Nov 9, 2015

I’ve just concluded a 61 km run, feeling very comfortable throughout and finishing strongly. I took an entirely different route from that of past long runs. From home I headed out to Revesby and Picnic Point via Canterbury Road, and then cam home via Henry Lawson Drive and Forest Road. In fact, I ran through suburbs of Sydney I’d never previously ventured into. That made it a much more interesting run than if I’d done the same old courses from years past.

The downside was having to stop regularly for traffic lights and intersections as I ran through Sydney morning peak hour traffic. This slowed my average pace quite significantly, but when I was able to get into a rhythm on less busy roads I was consistently punching out kilometres in around 5:40 or under. And it was fairly effortless.

Compared to the course I’ll be running in the Icarus 12 hour race, today was much hillier and entailed countless ups and downs on the seemingly never ending sequence of kerbs and gutters. And the whole day was run on concrete sidewalks – probably the hardest surface on which to run.

The total uphill was well over 500 metres – not too much short of 2,000 feet – which is certainly not a trivial day of climbing. Without the traffic interruptions, my time through the marathon distance would have been under four hours. You can view the Garmin data and track for the run by clicking on Garmin Link (I started with a warmup kilometre before clicking the Garmin on, so the data shows just 60 km, not 61 km).  And I finished with a 4:55 for the final kilometre, doing it very comfortably.

All in all, it was a very pleasing effort. I just hope I can emulate it in twelve days time.

The world run photo for today is another from our motel in Monument Valley. I never get tired of the views of this place.




On This Day


Nov 9, 2012

Distance today = 50.08 km; Total distance = 14,251.42 km; Location = Uspallata, Argentina (13 km south of) – 32 41.368′ S, 69 21.446′ W; Start time = 0925, Finish time = 1712


I’m really tired again tonight after a big day of running into a fierce headwind. At times it was so strong, it actually brought me to a halt. I hope it abates by tomorrow.

I’m also quite sore in the quads after all the downhill running. However, there has also been a lot of uphill, as evidenced by the fact my cumulative ascent today was 1,000 metres.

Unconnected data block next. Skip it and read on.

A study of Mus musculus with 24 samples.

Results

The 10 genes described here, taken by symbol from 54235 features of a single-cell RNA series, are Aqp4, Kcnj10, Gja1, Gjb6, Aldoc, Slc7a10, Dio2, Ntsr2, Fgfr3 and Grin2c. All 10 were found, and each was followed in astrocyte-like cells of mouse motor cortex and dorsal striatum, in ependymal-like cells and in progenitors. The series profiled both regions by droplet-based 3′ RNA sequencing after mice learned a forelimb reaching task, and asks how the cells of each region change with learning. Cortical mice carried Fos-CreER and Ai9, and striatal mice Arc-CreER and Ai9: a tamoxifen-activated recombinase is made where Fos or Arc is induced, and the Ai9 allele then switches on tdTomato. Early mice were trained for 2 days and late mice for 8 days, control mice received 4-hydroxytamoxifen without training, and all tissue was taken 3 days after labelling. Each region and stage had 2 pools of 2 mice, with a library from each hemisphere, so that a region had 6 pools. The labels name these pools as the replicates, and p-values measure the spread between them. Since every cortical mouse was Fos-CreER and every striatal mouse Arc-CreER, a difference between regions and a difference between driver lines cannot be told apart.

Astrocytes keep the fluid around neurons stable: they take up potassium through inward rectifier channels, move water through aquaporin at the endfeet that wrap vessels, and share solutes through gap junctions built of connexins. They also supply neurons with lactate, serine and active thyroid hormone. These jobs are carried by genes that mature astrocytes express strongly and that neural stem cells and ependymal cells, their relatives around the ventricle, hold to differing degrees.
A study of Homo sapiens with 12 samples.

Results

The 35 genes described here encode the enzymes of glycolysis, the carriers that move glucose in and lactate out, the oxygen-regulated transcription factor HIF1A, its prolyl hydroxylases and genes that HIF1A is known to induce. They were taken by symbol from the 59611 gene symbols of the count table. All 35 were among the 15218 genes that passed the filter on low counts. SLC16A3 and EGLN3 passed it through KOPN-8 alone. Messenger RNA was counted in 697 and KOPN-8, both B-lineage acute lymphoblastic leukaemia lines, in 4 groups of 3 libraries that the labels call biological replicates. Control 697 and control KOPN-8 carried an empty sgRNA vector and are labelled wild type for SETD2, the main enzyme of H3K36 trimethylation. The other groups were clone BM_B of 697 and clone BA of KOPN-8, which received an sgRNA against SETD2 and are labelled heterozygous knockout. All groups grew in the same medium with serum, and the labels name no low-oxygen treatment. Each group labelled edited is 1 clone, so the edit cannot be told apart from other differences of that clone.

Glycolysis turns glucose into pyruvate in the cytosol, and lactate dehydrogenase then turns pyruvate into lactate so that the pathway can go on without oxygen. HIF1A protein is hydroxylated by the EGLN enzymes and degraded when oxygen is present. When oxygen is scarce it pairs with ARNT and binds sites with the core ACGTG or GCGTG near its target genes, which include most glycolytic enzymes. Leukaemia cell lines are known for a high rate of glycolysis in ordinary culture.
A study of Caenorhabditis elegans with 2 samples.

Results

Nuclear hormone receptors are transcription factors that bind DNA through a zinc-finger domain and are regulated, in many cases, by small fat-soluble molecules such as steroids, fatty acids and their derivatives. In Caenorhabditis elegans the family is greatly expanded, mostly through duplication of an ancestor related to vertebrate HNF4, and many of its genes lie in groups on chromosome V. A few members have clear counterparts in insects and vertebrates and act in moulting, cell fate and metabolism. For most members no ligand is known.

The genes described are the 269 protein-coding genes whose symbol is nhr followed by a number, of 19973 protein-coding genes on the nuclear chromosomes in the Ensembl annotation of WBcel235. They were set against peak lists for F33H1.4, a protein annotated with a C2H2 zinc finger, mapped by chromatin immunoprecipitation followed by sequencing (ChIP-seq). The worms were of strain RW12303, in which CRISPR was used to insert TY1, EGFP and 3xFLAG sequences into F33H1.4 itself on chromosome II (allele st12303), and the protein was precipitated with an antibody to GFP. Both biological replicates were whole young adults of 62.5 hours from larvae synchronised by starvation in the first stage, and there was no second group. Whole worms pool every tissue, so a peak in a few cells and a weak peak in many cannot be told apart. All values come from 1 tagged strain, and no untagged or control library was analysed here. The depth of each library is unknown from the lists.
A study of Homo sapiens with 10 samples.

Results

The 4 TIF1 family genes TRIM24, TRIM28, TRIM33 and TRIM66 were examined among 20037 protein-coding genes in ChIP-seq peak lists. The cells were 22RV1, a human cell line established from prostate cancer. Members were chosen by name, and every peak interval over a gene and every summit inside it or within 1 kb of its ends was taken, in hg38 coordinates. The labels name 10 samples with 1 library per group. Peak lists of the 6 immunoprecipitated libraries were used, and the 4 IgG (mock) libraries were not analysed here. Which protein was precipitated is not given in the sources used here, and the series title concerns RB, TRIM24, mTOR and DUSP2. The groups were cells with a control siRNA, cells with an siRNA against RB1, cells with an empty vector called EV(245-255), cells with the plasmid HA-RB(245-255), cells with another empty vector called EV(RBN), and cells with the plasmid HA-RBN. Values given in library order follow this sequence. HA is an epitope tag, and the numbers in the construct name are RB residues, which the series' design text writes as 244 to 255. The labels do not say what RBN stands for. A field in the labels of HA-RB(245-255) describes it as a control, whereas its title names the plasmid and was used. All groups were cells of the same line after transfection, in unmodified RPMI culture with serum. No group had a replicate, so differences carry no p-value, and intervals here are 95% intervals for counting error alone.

I haven’t seen much in the way of wild life – just huge jackrabbits, and one dog that was running along the highway. It passed me and just kept going. Perhaps it was one of those you hear about, who got left behind by its owners and is making its own way home.

The drivers here in Argentina are living up to their reputation. Today I saw three semi-trailers overtaking another semi on double yellow lines. I haven’t seen an accident yet, but I reckon I will. Most drivers travel at well over the speed limit, and ignore double yellow lines. There doesn’t seem to be any police presence, so I guess it’s just accepted. I’ve seen two trucks in the past two days that had rolled. It’s not dangerous for me, as I hear all the cars, trucks, and buses coming. But they are a menace to each other.

The valley I’ve been running down has obviously seen many floods in past eras (I mean geological eras), as there are clear signs of huge sediment deposits. Erosion exposes these and, as an amateur dinosaur hunter, I keep an eager eye out for fossils in the sedimentary rocks. Then again, I’m not sure I’d recognise a dinosaur bone in the field if I saw one.

I forgot to mention yesterday that Argentina now brings my country total for the world run to five. The total will start going up fast in the New Year, when I get to Europe.